TOKYO -- In the past two years, eight plants have been set up in China to produce smartphone panels. Five more are scheduled to start operating in the next two years.
Backed by massive state funding, Chinese panel makers are taking a bigger bite of the market for smartphone display panels, which has so far been dominated by Japanese and South Koreans makers.
As the smartphone market slows, Chinese panel makers have increased their capital investment -- even at the expense of profitability -- in a bid to close the gap with Japanese and South Korean rivals, who are finding it more difficult to maintain their technological edge as the Chinese acquire more sophisticated production technologies.
And as seen in other key industries, such as steel and solar panels, the display panel sector could be headed for an oversupply crisis, triggered by the breakneck expansion of Chinese manufacturers.
So far, the Chinese have captured a combined 30% share of the global market for small and midsize display panels, worth about $40 billion in 2017 -- and not just by expanding production capacity, but by improving quality control as well, reducing the proportion of defects in their output.
One major Chinese panel maker, Tianma Microelectronics, increased the value of its shipments of such panels by 66% in 2017 over the previous year to $3.7 billion, according to information provider IHS Markit.
Tianma's second plant in Xiamen, Fujian Province, began operating at the end of 2016. Initially, it had trouble mass-producing high-definition LCD panels, and some smartphone makers in China refused to accept panels from the plant, according to a person close to the company.
But that has changed. Tianma, which purchased the LCD business of Japan's NEC in 2011, invited NEC engineers to help improve the no-defect rate through better production technologies.
The boom in shipments is good news for suppliers of materials to make such display panels.
"Orders for materials have risen to a high level, as full-capacity production has started at last," said an official with a Japanese supplier to the plant, noting that the yield has improved sharply over the past year.
Shipments by another major Chinese panel maker, BOE Technology Group, logged a 26% increase in 2017. The overall 30% market share of Chinese manufacturers compares with that of the combined share of the Japanese makers, Japan Display and Sharp.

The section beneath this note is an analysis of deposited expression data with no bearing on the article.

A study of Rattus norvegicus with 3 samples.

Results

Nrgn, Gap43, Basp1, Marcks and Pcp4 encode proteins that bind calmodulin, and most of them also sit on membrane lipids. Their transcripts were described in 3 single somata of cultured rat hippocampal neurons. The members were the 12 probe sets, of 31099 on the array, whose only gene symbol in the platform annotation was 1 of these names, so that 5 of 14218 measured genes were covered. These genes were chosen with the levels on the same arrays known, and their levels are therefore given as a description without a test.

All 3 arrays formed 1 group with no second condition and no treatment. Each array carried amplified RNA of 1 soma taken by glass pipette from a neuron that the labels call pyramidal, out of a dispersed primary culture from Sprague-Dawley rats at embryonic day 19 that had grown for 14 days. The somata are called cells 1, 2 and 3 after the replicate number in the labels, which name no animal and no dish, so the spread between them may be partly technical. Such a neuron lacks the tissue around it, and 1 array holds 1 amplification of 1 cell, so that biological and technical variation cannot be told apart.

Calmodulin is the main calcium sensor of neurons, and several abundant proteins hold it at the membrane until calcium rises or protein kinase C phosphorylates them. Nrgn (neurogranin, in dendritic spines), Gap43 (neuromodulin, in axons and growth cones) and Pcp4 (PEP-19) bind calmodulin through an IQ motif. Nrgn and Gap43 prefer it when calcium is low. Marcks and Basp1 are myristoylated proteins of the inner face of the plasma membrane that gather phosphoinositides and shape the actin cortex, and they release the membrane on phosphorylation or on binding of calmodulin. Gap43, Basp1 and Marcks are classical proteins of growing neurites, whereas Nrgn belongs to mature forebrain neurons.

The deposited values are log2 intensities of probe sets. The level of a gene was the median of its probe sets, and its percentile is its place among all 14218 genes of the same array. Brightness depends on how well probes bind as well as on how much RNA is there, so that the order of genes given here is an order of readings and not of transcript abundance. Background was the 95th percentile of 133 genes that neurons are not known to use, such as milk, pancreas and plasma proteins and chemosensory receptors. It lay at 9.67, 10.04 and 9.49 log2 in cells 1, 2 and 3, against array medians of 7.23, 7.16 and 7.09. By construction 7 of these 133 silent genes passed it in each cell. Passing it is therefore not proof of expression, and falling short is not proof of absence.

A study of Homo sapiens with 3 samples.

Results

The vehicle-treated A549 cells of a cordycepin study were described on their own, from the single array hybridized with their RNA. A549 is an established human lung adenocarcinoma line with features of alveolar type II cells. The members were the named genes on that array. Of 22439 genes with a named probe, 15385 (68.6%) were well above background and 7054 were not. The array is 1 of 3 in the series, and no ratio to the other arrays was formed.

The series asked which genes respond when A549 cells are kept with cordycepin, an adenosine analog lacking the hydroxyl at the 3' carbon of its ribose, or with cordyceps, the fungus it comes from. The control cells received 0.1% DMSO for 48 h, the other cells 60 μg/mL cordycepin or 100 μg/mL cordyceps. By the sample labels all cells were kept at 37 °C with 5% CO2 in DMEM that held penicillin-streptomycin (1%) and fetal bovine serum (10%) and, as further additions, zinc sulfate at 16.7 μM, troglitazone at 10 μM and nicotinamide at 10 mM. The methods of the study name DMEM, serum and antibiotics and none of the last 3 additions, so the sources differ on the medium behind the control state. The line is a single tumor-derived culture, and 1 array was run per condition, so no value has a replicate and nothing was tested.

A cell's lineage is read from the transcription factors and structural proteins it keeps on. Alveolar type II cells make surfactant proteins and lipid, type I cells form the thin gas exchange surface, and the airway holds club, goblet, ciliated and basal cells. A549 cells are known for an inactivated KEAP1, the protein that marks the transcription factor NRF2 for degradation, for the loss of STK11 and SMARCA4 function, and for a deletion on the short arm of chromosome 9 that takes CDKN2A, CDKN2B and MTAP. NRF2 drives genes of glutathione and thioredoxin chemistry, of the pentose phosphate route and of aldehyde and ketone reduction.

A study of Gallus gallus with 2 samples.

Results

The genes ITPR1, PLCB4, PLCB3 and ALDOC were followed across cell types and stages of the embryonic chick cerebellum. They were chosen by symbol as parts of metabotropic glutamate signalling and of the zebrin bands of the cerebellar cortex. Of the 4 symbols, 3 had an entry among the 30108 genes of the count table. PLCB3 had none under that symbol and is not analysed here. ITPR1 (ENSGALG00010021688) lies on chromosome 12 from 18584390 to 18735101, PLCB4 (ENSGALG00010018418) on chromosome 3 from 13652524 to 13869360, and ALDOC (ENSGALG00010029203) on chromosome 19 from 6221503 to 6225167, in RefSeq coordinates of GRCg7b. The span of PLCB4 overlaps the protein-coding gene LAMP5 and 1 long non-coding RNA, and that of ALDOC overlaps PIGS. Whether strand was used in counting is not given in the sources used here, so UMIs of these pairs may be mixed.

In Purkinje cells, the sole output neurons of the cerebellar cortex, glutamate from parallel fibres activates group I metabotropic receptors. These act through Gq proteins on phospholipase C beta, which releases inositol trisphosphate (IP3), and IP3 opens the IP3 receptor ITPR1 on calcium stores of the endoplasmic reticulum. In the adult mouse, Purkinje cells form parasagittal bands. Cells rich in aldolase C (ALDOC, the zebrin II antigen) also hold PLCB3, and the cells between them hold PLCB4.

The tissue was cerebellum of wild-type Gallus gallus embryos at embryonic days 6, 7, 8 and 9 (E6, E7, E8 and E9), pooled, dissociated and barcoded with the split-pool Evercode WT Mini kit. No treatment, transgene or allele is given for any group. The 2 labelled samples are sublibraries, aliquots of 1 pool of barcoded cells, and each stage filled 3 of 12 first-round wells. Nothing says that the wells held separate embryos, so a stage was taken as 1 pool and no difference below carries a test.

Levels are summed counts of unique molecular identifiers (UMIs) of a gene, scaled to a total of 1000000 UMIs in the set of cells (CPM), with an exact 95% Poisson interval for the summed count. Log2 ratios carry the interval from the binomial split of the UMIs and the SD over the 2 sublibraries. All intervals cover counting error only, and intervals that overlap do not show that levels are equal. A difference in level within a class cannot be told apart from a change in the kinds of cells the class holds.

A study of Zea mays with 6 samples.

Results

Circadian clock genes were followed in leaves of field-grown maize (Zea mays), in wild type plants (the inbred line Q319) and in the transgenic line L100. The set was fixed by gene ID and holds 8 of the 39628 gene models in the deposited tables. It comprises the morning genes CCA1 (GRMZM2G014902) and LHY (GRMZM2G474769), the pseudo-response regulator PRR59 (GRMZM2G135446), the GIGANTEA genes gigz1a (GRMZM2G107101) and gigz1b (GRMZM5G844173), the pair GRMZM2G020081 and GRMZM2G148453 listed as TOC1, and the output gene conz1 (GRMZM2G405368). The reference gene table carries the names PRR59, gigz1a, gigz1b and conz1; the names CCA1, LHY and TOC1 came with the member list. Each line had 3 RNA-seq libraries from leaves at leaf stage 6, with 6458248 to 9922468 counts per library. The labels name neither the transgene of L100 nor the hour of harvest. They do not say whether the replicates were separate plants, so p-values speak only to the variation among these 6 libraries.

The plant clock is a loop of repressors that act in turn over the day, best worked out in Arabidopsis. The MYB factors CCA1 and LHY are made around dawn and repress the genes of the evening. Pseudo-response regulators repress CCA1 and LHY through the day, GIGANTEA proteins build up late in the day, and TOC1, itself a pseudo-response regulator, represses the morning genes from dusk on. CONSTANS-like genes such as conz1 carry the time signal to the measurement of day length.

The applications for LCD panels have evolved over the years, from black-and-white calculators to color televisions, largely driven by technological developments led by Sharp and its fellow Japanese electronics maker, Casio Computer.
Around 2000, South Korean and Taiwanese manufacturers began aggressively expanding into the field. In 2001, IBM Japan sold its LCD panel business to a Taiwanese company, prompting Japanese makers to cut back on production.
In 2012, Japan Display was founded through the integration of the operations of six Japanese companies. Japan Display and Sharp are now the only major panel makers in Japan. Since 2016, Sharp has been owned by Taiwan's Hon Hai Precision Industry, better known as Foxconn.
The Japanese makers have shifted their focus from large display panels used for TVs, to small and midsize ones for smartphones, personal computers and in-car devices that require higher definition, and which are more difficult to produce.
Along the way, the technologies involved in producing display panels have been transferred to South Korea, Taiwan and now China.
Having expanded their market shares in larger panels with the support of local governments, Chinese makers are now moving aggressively into the market for small and midsize panels.
To catch up with South Korea's Samsung Electronics, which has shifted to prioritizing next-generation organic light-emitting diode panels, Chinese makers such as BOE and China Star Optoelectronics Technology have themselves built plants for OLED panels, in addition to those for LCD panels.
The construction of some Chinese plants is funded by local government investment funds. Plants for LCD and OLED panels are both eligible for billions of dollars of subsidies, according to people familiar with the matter.
"Chinese companies actually pay only 20% or so of capital spending," said an engineer who joined CSOT from a Japanese maker.
Chinese panel makers have supplied their products almost exclusively to local users, including Huawei Technologies. The technological difficulties of achieving stable mass-production have so far kept them from supplying panels for the market leading Apple iPhone.
Still, China's steadily expanding smartphone market had long allowed domestic panel makers such as BOE and Tianma to keep growing briskly with a steady increase in shipments.
But in the January-March period, sales of smartphones slowed in China from the year earlier, marking the fourth consecutive quarter of slowdown. This has raised concerns about an oversupply of display panels -- especially given the rapid pace of new plant construction.
To keep growing, Chinese panel makers may therefore need to increase their supply of products to U.S., Japanese, South Korean and other overseas smartphone makers.